You’ll love Dublin – almost everyone who visits does, once they get past the hefty prices – but it’s the rural side of the island that tends to wrench hold of visiting souls and have people vowing to return. There are certain trips that encapsulate the magic, some well-known, and others the preserve of locals and miles off the tourist trail. Here are our favourite winding drives into the ‘real’ Ireland.
Let’s get the epic and obvious one out of the way first. Consisting of essentially all the Irish Atlantic coastline, The Wild Atlantic Way is very much the brainchild of the Irish government’s recent tourist drive, but its current ‘golden child’ status certainly shouldn’t put you off. There’s something for everyone along its 2,750-kilometre (1,700-mile) path, from the sites of Game of Thrones and Star Wars scenes to towering cliffs, essential hikes, adventure parks and island asides. Allow a couple of weeks to see it all; this is a monster. Find a map here.
The East Coast’s answer to The Wild Atlantic Way, ‘Ireland’s Ancient East’ isn’t quite on the same scale in terms of acclaim, but the route will have history lovers absolutely fawning. Rather than trying to explore the entire drive, we’d suggest cutting to the chase with the Boyne Valley Loop. It’s a pathway around Meath, north of Dublin, taking in Newgrange (a 5000-year-old passage tomb that pre-dates the pyramids), Trim Castle (which stars in Braveheart), and a legendary part of St Patrick’s story, The Hill of Tara. Find a map here.
A dream route for those into hiking, hillsides and dramatic coastlines, the Ring of Kerry is an intensely popular 179-kilometre (111.2-mile) tour of the western Iveragh Peninsula, incorporating much of the country’s most ruggedly spectacular terrain. Popular with drivers, cyclists and walkers, the former can complete the route in a day, but given the abundance of tiny villages, castles, hillside roads and sea views, it’s still better if given at least two days. All the tour buses run counterclockwise, as it’s difficult for buses to fit side-by-side on the narrow roads, so head clockwise from Killarney to largely avoid the crowds if you’re self-propelled.
Having explored the dark conflict tales and taken in the Titanic Museum in Belfast, head to Derry via Giant’s Causeway (which is smaller than many expect, but nevertheless spectacular) and the cliffside trails of the island’s north-east corner. Stop at Dunluce Castle and the dodgy looking Carrick-a-Rede Rope Bridge, before grabbing a whiskey in the Old Bushmills Distillery, and finish up exploring more divisive Northern Irish history in the Bogside of Derry-Londonderry. We’ll leave that contentious double-naming (it’s one place) as something to uncover when you arrive. Find a map here.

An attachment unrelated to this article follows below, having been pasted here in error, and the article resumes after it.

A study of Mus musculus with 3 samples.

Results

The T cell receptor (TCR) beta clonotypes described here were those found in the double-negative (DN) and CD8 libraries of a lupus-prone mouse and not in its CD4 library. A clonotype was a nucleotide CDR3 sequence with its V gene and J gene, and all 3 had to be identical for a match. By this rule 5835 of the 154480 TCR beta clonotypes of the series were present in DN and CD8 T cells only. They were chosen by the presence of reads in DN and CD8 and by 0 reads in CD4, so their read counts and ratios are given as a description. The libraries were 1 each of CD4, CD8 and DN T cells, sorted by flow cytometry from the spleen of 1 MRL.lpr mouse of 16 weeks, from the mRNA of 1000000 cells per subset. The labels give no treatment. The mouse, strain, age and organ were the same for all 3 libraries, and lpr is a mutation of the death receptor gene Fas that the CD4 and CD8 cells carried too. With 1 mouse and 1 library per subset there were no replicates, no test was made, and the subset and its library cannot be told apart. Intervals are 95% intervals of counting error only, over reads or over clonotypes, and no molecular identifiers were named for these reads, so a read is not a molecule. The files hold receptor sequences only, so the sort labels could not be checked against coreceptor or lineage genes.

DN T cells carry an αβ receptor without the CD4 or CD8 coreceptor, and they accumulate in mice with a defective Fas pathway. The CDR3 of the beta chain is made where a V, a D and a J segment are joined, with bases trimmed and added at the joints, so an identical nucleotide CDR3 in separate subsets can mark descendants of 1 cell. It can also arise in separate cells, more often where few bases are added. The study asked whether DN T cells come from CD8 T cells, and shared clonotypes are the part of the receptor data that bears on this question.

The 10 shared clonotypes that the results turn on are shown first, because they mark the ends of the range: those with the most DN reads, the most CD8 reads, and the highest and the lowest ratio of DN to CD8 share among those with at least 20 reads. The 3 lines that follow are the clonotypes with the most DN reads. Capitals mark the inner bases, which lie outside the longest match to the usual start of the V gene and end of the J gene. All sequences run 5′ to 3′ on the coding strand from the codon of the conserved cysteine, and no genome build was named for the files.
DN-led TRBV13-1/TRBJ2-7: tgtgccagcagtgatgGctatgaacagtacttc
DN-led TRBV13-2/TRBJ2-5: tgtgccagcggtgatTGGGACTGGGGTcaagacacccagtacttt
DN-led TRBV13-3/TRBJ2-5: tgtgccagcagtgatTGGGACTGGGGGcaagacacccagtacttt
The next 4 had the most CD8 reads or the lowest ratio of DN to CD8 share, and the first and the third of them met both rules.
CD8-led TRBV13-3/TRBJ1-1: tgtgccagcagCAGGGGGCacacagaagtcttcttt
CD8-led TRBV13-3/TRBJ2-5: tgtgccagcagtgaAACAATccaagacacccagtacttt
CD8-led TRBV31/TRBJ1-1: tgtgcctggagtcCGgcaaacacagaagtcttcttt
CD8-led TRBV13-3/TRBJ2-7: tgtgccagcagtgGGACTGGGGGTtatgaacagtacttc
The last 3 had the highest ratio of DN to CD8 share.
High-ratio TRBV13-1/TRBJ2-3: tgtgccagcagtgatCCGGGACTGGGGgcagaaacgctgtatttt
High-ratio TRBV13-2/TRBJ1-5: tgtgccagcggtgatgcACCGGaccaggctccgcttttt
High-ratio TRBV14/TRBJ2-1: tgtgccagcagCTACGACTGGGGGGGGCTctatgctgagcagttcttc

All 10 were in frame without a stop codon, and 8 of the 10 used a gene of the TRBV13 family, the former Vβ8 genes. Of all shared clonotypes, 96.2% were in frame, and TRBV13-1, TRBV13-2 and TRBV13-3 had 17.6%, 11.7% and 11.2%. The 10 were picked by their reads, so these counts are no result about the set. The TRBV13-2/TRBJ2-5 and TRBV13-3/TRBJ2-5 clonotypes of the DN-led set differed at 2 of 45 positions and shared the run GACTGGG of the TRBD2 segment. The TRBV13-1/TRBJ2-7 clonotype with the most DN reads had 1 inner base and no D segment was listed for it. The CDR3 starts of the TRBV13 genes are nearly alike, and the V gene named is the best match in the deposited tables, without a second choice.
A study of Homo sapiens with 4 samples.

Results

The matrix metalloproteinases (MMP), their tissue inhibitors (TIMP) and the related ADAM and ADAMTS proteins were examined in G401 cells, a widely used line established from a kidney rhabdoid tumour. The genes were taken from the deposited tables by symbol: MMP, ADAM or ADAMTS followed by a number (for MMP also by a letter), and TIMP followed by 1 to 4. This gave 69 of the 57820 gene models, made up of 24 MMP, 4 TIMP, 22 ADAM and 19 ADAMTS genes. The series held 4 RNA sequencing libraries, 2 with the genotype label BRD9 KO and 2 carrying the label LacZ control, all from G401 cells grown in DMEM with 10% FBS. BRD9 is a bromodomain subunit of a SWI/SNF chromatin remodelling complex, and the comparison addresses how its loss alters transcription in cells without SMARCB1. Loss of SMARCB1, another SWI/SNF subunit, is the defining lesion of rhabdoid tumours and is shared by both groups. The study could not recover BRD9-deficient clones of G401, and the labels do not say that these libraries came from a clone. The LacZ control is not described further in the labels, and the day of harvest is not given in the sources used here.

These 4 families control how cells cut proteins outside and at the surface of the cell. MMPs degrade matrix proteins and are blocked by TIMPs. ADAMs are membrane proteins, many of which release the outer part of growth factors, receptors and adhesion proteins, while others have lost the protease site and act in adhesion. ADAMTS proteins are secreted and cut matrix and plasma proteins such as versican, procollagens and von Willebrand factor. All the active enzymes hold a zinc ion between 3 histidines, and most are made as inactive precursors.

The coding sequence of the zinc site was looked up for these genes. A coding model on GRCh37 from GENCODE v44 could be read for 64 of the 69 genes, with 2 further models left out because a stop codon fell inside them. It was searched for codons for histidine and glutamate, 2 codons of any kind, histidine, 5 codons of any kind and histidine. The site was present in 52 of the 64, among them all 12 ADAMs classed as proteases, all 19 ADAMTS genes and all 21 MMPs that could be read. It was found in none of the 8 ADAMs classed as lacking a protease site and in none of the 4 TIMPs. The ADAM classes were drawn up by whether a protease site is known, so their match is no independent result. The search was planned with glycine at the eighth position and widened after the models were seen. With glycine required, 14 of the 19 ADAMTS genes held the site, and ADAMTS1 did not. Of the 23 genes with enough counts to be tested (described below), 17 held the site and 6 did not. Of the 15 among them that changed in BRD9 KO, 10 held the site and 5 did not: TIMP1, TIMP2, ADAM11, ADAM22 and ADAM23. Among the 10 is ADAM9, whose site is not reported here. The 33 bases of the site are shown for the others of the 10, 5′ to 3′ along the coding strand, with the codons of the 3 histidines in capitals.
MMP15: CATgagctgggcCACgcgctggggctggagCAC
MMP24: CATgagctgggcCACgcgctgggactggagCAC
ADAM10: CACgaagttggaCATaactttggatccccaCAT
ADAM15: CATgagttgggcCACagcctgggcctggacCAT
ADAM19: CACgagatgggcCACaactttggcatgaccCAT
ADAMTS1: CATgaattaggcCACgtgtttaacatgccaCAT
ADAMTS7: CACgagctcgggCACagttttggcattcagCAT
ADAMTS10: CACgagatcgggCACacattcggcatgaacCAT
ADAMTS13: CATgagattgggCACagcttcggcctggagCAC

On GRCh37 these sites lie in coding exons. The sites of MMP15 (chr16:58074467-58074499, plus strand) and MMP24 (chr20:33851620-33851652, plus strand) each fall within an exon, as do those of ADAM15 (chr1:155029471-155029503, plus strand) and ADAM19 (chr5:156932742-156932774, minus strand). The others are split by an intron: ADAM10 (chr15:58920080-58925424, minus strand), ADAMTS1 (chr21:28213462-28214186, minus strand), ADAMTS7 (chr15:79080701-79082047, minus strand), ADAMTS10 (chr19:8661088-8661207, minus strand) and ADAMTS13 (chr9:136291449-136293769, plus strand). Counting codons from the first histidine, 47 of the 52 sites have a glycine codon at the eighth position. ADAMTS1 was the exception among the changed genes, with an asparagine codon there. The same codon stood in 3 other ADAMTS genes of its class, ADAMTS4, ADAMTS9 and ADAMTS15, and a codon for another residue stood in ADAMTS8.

A famously barren bit of land in the east of Ireland, The Burren’s strange area of 250 square kilometres (96.5 square miles) of ‘karst’ landscape is made up of craggy limestone coating the surface of entire coastal hills. The almost lunar-feeling location captivates visitors, and many spend most of their time in the County Clare region simply strolling the rock formations. There’s also the ancient tomb Poulnabrone, Newtown Castle, Father Ted’s House and the nearby Cliffs of Moher to explore.
Many Irish people will be quick to list Kerry town Dingle as one of their favourite parts of the country. The town – which has a dolphin resident in the harbour – is home to gorgeous little attractions such as homemade salty ice cream, pubs that double up as hardware or bike-rental stores, and artisan cheese. The entire peninsula is the kind of sublime rugged that keeps people coming to Ireland. You’ll need to drive slow – the streets are almost ridiculously narrow – but when you get to the tiny harbours and trickling waterfalls flowing over the road, you’ll choose to crawl along too.
The chunky Mayo island – a spot that recently made the news for the almost miraculous return of its beach after more than 30 years – has only one road in and out, but plenty of exploration once you arrive. At the Atlantic end of the island, towering hills cascade into the ocean. Elsewhere, you’ll find tiny, alluring villages, plenty of native Irish speakers, and dozens of square kilometres of peat blog. It’s out of the way, but with over 161 kilometres (100 miles) of coastline to its name, the island is a worthy detour.
Head for the two main gaps between the hills of Wicklow, the garden county just a half hour drive south of Dublin city centre. Wicklow is by far the most accessible of these drives for those heading in from the capital and hides gems such as the lakes and monastic settlement at Glendalough, as well as stacks of walking trails and the prettiest commuter towns you could hope to find. The ‘mountains’ tag is a touch generous (nothing here tops 1,000 metres of 3,280.8 feet), but it’s nothing less than stunning.
Involving a car ferry, gorgeous beaches and a trip to the 13th-century Hook Lighthouse, this little tour of Ireland’s south-east corner is one more frequented by locals than tourists. Wexford is known for its strawberries, seals and gourmet restaurant scene, while Waterford offers the famous crystal, giant stone churches, river vistas and museums delving into the Ireland of yesteryear.
Cork people are notorious for their love of their own county, the ‘rebel county’ – so much so that perhaps Ireland’s most famous meme is a map of the country labelled simply ‘Cork’ and ‘not Cork’. If you want to know what all the fuss is about, head to the west, where rustic old villages and gorgeous hilly scenery dominate. You’ll get a taste of Atlantic culture here, with Skibbereen, Kinsale, Mizen Head, rural cheese makers, tidal lakes, and ancient stone circles all on the agenda.